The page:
Eugenio Suarez is a Low-Key Tank

Third base has been an extremely important position in baseball’s storied history. The position employed some of the greatest defenders the sport has seen, and middle of the order bats. Players like Brooks Robinson, Ron Santo, Eddie Mathews, Mike Schmidt, and George Brett have carved out Hall-of-Fame careers playing the hot corner. Today, we see players such as Nolan Arenado, Justin Turner, Kris Bryant, Jose Ramirez, and Josh Donaldson man the left side of the infield and hold down the heart of the lineup. Hidden under all of those names is a one time All-Star who could be the X-factor to playoff baseball in Cincinnati.

Eugenio Suarez has been a low-key tank for the Cincinnati Reds. He has quietly put up a few good seasons for the Reds, but has just been overshadowed by Joey Votto and the fact that the Reds have been out of the race by mid-May the last few years. Suarez was originally signed by the Tigers and played a mix of third base and shortstop while getting limited action in 2014. A trade for Alfredo Simon sent him packing to Great American Ballpark, which has been his home since 2015. With Zack Cozart and Todd Frazier on the left side, it took a season ending injury to Cosart in June of 2015. He slashed .280/.315/.446 and smacked 13 homers and 48 RBI. in 2016, he transitioned to a full time gig to become the Reds’ starting third baseman after Todd Frazier was shipped to Chicago. That year, he slashed .248/.317/.411 and produced 21 HR and 70 RBI. The stick has always been the staple of his game, yet his glove needed a bit of work. He committed a MLB leading 23 errors that year.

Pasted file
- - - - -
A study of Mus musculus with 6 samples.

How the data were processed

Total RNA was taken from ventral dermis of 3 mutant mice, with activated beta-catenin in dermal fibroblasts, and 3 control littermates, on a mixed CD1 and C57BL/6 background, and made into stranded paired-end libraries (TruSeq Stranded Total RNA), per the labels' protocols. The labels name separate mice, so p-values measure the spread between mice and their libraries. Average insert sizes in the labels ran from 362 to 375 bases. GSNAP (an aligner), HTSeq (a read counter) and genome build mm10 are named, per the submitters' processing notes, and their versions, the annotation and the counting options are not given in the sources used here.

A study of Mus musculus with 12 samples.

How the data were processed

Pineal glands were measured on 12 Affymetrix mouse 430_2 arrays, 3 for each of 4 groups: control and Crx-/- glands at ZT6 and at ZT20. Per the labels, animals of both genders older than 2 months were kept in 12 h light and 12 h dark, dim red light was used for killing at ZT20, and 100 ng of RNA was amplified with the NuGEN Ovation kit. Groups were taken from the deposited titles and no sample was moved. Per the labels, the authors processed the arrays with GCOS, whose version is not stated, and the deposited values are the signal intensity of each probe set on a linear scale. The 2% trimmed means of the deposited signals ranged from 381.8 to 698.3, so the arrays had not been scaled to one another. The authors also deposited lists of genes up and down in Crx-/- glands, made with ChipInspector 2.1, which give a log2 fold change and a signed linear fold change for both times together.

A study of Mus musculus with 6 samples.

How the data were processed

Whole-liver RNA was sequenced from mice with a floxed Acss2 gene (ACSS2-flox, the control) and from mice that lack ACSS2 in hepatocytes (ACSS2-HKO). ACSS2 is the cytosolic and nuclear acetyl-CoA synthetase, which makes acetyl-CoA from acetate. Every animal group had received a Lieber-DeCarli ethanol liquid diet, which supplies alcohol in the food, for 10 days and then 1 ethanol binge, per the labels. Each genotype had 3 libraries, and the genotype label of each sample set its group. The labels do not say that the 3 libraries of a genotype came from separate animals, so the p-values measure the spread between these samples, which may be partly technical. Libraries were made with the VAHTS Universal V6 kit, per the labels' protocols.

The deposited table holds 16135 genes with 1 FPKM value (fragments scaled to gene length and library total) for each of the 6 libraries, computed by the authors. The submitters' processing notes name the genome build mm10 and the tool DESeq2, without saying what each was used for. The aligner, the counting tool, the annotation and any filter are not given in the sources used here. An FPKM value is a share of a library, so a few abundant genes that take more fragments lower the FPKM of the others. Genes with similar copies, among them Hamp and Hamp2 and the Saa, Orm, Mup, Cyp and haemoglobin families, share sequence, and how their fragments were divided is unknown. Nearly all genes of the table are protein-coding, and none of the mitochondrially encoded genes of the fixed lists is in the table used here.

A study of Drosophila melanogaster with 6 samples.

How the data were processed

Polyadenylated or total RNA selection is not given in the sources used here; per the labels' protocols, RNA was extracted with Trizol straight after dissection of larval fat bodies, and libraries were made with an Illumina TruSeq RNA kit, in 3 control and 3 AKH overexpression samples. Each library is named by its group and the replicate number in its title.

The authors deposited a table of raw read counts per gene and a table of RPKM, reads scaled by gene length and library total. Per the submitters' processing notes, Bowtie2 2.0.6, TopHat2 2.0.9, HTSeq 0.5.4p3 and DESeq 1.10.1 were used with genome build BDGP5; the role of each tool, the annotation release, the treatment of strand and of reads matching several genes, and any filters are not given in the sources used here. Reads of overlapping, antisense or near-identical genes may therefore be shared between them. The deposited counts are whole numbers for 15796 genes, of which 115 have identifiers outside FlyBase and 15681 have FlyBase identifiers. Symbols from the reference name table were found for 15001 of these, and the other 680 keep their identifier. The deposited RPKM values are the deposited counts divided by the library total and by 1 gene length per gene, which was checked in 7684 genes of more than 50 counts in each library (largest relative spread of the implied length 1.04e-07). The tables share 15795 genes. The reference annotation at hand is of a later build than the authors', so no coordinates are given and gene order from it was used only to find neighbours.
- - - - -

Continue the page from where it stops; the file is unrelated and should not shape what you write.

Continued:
2017 was his true breakout campaign. In 156 games, he raised his batting average from an ok .248 up 12 points to a more respectable .260. He set career highs in HR (26), RBI (82), BB (84), and also cut his errors down considerably from 23 to just nine. Eugenio started picking up steam as being considered one of the games brightest young stars in the game. 2018 was the year he finally got the recognition he deserved.

In July of 2018, Eugenio Suarez was announced as an All-Star for the National League. He finished that season with a slash line of .284/.366/.526 and an OPS of .892. He then reset his career highs in home runs and RBI, as well as hit in 13 less games than the year prior. For reference, here are his offensive numbers next to Nolan Arenado in 2018.

NameAVGOBPSLGOPSHRRBI2BHRG
Suarez.284.366.526.892341042214979143
Arenado.297.374.561.9353811038175104156

Arenado’s numbers are still another level above, but when you take into consideration the fact that Arenado is a top five player in all of the league (number three in my humble opinion), and the fact that Nolan has 13 games on Eugenio, it starts putting Suarez in a better light,.

With some key off season acquisitions such as Matt Kemp and Yasiel Puig, as well as another year of development form their younger players, the Reds are in the running for what seems like a more wide open NL Central than we have seen in years past. Could Suarez be that X-factor that put the Reds back into the postseason? Or will he have another monster year buried by the lack of attention his team gets?